Qualiter et quando stressed the elimination of scandal, the need to ensure damage was not done to the Church, the importance of regulating excessus, and the need to prosecute public crimes. The unfolding of the above cases however gives reason to wonder how far these aims were met by the application of inquisitorial procedure. What the legislation said it sought and what the legal practice produced might be quite different.

Episcopal accountability, as exacted by canonical procedures, helped to shape and express expectations of episcopal conduct. The dynamic through which it expressed it—coerced liability to answer public rumours—added an important colour. That colour has been occasionally lurid here and this chapter has deliberately emphasized the dexterity in procedural gymnastics demonstrated by bishops, chapters, and others in disagreements about episcopal conduct. This leaves one far from clear that inquisitorial accountability provided a satisfactory means of evaluating and then asserting a ‘positive’ idea or ideal of episcopal practice. This is again to point out that it seems wrong-headed to expect institutions for securing accountability to produce compelling characterizations of official conduct. They often served as substitutes when that conduct was deemed lacking.

Being a bishop—like being a bailiff or sheriff—then was constructed by the interaction of positive norms and coercive regulations. As in those cases, where the stress fell varied. If the Church could not rely on positive norms as a sufficient guarantee of episcopal sollicitudo neither could it rely on inquisitorial procedure satisfactorily to produce that sense of episcopal conduct that a Geoffrey of York seemed so spectacularly to lack. Nor could inquisitorial procedure prevent its own manipulation in the hands of inquisitorial impetratores, as one suspects in Langton’s case. Its openness to ‘manipulation’ was partly how it functioned. Langton’s case is problematic not because any innocence is presumed on his part, but because there are strong reasons to suppose that the allegations made against him were exaggerated. Extreme allegations signalled both the potential seriousness of the case and the potentially spurious nature of those claims. Whatever the messy truth of his relationship with Lovetot’s family, Langton’s Register is demonstrable proof of some routine episcopal competence on a day-to-day basis.[1] But good administration is not incompatible with homicide, back-kissing, and devil-worship, and a large part of the difficulty arising from canonical inquisitorial accountability was that its flexibility enabled both those investigating and those triggering inquisitions to indulge in questionably unaccountable behaviour. Procedurally, there does not seem to have been a conceivable alternative to reliance on local perceptions of scandalum and infamia. It was the necessary strength and the weakness of canonical inquisitorial accountability that it risked the building to test the columns on the say-so of a potentially very broad range of people. That was the cost of guarding episcopal guards at all.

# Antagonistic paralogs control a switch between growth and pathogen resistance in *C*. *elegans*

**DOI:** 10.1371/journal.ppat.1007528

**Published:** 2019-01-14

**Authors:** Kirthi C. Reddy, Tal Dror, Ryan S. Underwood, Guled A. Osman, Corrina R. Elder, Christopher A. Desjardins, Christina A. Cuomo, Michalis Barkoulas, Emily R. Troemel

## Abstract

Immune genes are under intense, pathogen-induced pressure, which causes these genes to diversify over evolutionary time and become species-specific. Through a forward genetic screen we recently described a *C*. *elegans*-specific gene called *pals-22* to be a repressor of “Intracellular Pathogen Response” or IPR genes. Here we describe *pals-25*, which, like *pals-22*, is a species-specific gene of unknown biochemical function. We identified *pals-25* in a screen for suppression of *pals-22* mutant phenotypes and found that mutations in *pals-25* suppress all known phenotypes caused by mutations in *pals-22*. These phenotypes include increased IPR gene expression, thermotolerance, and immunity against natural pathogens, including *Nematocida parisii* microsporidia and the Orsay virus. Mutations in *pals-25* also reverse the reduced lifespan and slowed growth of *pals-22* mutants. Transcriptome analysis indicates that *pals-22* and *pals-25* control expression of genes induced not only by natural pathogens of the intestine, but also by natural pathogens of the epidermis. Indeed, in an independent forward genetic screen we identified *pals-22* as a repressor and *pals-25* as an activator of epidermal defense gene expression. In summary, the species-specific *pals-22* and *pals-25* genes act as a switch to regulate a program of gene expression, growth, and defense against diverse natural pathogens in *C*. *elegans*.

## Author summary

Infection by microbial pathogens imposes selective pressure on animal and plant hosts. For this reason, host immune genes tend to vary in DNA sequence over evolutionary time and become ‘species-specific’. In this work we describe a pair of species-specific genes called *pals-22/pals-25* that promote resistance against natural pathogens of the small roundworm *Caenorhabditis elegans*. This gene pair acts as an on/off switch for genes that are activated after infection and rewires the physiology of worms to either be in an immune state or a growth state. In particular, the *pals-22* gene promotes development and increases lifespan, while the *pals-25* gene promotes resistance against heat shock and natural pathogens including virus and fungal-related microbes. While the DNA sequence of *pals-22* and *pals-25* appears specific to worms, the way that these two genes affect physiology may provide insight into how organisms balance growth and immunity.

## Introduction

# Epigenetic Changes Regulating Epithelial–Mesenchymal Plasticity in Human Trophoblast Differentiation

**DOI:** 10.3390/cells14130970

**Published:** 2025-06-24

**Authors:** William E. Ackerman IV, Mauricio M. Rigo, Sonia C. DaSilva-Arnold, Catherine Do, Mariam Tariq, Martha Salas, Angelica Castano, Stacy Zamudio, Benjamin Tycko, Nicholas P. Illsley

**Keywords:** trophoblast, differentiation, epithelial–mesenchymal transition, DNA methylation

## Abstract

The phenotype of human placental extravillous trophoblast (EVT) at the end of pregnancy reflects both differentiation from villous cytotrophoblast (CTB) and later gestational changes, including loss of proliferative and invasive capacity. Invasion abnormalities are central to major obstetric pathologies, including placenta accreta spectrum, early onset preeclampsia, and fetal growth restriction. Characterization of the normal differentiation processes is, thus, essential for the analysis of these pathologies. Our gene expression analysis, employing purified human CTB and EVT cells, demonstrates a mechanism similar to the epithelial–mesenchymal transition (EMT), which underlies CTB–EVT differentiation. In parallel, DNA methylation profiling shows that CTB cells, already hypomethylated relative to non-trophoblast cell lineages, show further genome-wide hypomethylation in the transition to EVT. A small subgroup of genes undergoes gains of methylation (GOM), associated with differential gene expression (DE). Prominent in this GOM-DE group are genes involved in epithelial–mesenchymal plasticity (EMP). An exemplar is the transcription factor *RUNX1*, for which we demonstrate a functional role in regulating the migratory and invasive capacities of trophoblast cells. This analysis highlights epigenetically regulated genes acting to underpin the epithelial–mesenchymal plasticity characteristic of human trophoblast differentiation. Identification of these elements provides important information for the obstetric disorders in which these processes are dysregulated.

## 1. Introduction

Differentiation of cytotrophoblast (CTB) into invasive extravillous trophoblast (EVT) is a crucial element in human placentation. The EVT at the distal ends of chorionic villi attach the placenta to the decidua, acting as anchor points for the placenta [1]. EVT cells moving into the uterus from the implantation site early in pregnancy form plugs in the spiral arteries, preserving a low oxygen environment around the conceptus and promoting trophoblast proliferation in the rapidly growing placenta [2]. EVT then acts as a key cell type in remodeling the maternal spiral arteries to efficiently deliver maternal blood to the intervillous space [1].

• [1] Historians have disagreed whether Langton was negligent (Haines, ‘Langton, Walter (d.1321)’) or not (Hughes in Register of Walter Langton, i. xxxiii). The growth of episcopal delegation inthis period made bishops’ own absences less problematic in practice: see Hope, ‘Hireling Shepherds’,78, 140—2, 228—9. Langton’s concessions during the 1307—11 trial show at least that he was a deeplyunethical treasurer.